It’s the festive season, for Christ’s sake, so why would the bitter and twisted old hacks who compile this column get stuck into the pretty young thing doing the Boxing Day Sydney to Hobart race start for ABC TV news that night.
Okay, we know she’s a pretty, young thing because Chloe Hart absolutely nailed her to-camera piece as her media boat chased the yachts out to sea. She’s clearly clever and bright and has a great future in journalism.
And for almost the entire report, Chloe did a damn fine job in our collective opinions, explaining how COVID-19 had wrecked some entrants’ plans and clearly worried the heck out of others.
But then she said this half way through: “Crews breathed a sigh of relief when the starting cannon fired.”
Did they really, Chloe? Got on the radio phone to a number of skippers as the boats made their way out through the Heads and confirmed that, did we?
Or could you hear the collective sighs from the shore or the media boat?
It’s a nonsense, of course. It’s a fiction. It didn’t happen. Which means it had no place in any report by any journalist doing their job well.
In her defence, a form of hyperbole as a creative writing device? No. Doesn’t wash.
In pre-race manoeuvering and the actions needed immediately on the sound of the starting cannon, a sigh was never going to be on any sailor’s mind or passing their lips, individually or in concert with others.
Despite COVID, the start of that race is a joyous and colourful spectacle and if Chloe Hart wanted to try her hand at some colourful and creative writing and reporting, then she should have gone for it without resorting to something as silly as that.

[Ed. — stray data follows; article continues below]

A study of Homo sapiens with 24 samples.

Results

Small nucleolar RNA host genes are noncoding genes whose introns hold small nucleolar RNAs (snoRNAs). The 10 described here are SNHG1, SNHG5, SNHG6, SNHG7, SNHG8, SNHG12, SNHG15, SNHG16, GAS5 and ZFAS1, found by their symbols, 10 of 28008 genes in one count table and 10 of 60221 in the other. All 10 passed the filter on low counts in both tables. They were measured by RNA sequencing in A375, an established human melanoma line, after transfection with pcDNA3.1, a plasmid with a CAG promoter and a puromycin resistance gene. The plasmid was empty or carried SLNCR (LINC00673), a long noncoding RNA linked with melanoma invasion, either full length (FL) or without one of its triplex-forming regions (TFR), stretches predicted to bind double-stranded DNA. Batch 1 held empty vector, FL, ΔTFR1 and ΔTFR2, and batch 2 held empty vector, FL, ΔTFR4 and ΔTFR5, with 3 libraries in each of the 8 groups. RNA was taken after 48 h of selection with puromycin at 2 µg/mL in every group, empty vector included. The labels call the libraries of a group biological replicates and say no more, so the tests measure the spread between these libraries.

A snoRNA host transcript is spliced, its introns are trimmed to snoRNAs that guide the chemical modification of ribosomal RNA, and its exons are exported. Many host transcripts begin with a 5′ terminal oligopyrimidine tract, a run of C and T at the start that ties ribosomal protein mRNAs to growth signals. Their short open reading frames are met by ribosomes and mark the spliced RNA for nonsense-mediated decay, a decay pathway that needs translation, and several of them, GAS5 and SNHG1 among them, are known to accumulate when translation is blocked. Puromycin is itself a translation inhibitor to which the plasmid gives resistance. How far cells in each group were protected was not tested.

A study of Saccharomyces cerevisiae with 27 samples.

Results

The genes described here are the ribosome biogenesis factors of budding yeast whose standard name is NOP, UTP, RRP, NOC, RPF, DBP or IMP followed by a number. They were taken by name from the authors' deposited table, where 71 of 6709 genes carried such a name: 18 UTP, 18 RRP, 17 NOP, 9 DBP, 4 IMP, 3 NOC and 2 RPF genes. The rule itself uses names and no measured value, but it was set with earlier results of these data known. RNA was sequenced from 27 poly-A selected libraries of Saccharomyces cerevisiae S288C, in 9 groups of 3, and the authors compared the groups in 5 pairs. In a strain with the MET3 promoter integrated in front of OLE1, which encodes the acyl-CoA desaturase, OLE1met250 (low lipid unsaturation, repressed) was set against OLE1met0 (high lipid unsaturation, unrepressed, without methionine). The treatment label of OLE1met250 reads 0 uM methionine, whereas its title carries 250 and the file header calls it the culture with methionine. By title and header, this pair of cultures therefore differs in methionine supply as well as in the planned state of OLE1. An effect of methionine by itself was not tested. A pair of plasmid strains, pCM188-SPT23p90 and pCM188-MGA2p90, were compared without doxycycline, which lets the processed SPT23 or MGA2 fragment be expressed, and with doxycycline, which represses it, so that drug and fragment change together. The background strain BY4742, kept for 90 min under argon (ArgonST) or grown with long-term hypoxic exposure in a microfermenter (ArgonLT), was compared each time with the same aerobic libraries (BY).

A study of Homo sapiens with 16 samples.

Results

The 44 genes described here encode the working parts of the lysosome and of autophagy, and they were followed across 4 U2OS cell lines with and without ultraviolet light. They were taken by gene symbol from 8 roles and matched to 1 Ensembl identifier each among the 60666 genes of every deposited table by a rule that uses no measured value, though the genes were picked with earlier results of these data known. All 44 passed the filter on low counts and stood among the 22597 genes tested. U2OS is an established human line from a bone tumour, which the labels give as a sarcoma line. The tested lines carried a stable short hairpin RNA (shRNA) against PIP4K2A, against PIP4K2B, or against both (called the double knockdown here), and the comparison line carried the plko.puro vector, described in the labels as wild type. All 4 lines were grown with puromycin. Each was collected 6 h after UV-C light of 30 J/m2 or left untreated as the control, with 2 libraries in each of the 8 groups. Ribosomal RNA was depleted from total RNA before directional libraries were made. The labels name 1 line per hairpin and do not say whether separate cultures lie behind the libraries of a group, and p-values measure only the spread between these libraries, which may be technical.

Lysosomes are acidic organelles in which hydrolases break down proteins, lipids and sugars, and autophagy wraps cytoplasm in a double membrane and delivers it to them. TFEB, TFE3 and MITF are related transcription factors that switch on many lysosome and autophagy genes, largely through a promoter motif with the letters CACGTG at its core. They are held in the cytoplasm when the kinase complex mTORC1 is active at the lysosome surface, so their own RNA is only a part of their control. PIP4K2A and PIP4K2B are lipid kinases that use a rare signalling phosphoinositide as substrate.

Be it Xmas or any other time of the year, the bitter and twisted old hacks at the MGH would like to think that rather than being overly critical, we are giving Chloe sound advice as she perfects he craft.
We all wish Chloe well. The next time Chloe is reading through her notes before doing her voiceovers, we want her to recognise instinctively that “Crews breathed a sigh of relief when the starting cannon fired” doesn’t pass muster and if she wanted to get across how stressful the days and hours leading up to the race itself, something like “Crews would not have been blamed if they had breathed a sigh of relief…” would have been much, much better.
With the savage cuts to Aunty, the MGH suspect the chances of someone senior to Chloe being in the newsroom to have a quiet word with her are very slim indeed; that the reality is there’s no-one to to tutor her to do her best and not allow bad habits to become ingrained. Ditto for the lack of experienced subs – or should that be any subs? – in print-media newsrooms any more to help turn young scribes into the very best newshounds they can be.
This lack of in-house, day-to-day training – enough old hands still around to happily and willingly pass on their knowledge, support and if need be, from time to time, helpful criticism – does not bode well for the future of journalism in Australia.